Remember that Facebook made efforts to reduce the spread of misinformation and false news on News Feed? This resulted in publishers not being able to customise their metadata of link posts. Facebook acknowledged this and recently announced a solution via its Link Ownership Tool.

3 min read

Getting back your link ownership

If you’ve read our blog Time to be Authentic on Facebook News Feed then you’re already aware that Facebook has made some serious efforts to reduce the spread of misinformation and false news on Facebook. As you probably have noticed, these efforts have had a huge impact on the metadata of link posts. You were no longer able to customise your headlines, description and image. Luckily, Facebook recently announced that it has created a solution to be able to edit your link metadata again - like you used to.

Why did Facebook make this change in the first place?

With the increase in clickbait headlines and eye-catching but inappropriate posts, Facebook users no longer trusted the content published on News Feed and ultimately clicked less on link posts. Getting sent to low-quality sites from the News Feed caused users to end their Facebook browsing sessions, depriving publishers of views, engagement and content sharing. This is why Facebook made serious efforts to avoid fake news and lower the traffic to low-quality websites. Since then, publishers no longer have had the chance to customise their headlines, description and image of their link posts.

How are my ads affected?

In June, Facebook announced it would stop its users from changing headlines, descriptions and images when posting links, as part of its broader push to crack down the spread of fake news or misleading information. However, this change did not affect any paying advertisers, who still had the option to alter these link previews via the Power Editor or other ad platforms. Now there are discussions of whether to also restrict the customisation of link ads and thus also restrict advertisers. This means that advertisers might soon no longer be able to change headlines.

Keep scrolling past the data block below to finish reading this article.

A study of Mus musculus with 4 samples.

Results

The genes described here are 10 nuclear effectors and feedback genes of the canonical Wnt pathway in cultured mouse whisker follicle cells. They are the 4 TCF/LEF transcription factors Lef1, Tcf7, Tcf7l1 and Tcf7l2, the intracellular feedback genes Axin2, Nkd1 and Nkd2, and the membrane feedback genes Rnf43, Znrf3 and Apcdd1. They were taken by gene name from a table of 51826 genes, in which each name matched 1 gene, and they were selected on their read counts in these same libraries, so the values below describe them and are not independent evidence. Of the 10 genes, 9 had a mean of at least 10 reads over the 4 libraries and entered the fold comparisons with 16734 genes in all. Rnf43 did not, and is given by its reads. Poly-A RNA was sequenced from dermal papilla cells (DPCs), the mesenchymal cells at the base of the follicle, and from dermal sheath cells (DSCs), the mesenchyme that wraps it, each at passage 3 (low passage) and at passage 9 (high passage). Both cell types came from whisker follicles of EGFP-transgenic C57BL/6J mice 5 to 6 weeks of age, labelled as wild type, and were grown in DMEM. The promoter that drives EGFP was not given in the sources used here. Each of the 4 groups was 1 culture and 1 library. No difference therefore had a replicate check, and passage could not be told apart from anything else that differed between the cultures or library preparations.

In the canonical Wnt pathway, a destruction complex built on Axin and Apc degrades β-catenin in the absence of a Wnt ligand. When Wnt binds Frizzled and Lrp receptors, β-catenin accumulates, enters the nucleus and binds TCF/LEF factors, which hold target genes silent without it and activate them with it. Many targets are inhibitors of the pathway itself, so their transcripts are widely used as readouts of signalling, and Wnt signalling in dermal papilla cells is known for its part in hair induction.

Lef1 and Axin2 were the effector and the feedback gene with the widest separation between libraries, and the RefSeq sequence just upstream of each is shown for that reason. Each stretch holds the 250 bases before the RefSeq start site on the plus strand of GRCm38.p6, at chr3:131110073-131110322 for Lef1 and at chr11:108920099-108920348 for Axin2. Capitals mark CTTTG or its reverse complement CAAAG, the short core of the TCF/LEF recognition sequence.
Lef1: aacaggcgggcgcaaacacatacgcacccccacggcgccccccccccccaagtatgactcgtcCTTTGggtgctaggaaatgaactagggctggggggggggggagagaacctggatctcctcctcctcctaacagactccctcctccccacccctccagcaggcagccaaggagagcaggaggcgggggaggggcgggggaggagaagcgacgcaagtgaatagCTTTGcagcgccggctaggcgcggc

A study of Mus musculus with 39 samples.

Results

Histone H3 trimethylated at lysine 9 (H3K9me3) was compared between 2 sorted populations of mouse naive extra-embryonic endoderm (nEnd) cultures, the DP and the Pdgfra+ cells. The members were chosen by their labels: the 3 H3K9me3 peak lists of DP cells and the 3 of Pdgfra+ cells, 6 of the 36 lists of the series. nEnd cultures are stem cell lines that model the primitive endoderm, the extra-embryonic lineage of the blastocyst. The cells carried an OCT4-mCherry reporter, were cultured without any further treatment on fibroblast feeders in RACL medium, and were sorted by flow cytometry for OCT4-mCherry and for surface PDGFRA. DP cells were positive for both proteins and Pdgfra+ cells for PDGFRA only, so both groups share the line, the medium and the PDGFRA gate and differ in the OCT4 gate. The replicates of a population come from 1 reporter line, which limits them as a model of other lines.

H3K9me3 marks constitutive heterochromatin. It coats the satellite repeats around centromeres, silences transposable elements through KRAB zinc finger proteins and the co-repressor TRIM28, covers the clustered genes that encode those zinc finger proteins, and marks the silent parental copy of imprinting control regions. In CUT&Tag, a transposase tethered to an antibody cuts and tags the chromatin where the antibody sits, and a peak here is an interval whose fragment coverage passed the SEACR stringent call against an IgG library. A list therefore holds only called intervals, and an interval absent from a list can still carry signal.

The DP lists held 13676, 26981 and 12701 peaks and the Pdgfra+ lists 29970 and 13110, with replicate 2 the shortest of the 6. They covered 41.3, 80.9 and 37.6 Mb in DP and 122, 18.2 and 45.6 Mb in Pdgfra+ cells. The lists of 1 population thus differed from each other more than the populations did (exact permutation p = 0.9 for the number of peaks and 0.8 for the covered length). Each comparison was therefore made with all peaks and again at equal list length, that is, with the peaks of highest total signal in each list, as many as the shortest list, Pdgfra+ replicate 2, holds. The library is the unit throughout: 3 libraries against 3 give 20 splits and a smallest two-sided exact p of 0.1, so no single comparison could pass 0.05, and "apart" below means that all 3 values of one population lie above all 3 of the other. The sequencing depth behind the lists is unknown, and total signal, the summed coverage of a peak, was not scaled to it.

‘While they should be able to edit links pointing to their own material, they shouldn’t be able to edit headlines on stories they didn’t create,’ according to a Facebook spokesman. ‘Advertisers will still be able to edit headlines in links when they point to their own content, and we have strict policies in place that prohibit misleading ads.’

The solution

Facebook acknowledged that it is vital for both publishers and advertisers to be able to edit and customise their link posts for their audience. That’s why Facebook has created a solution via the Link Ownership Tool. Via this solution Facebook found a balance between making it possible to customise link posts and making sure content remains trustworthy. 

Why should you care?

Via the new Link Ownership Tool, you can verify that you own a link and thus are able to customise your metadata. Once verified, you will be able to edit link previews for the links and domains you own. This way, you are able to create engaging content for your link ads whilst Facebook makes sure to protect its community from misinformation. Thus, a win-win situation for both Facebook and advertisers. For more (technical) information on how to make use of the Link Ownership Tool, refer to Facebook’s documentation. Finally, to preview your links, check out the Sharing Debugger.

More safety tools to come 

With rising concerns from advertisers and the general fight against fake news, Facebook also announced that it will be launching several brand safety tools that let advertisers see where their ads are likely to appear prior to a campaign's launch. This way, advertisers can get better control over their content and also gain visibility over where their ads have appeared after their campaigns have launched. The pre-campaign advertiser control features are already in roll out phase while the post-campaign tool is set to launch in the coming months. Read more about Facebook's planned developments concerning brand safety and fake news issues and sign up to our newsletter if you want to stay up to date.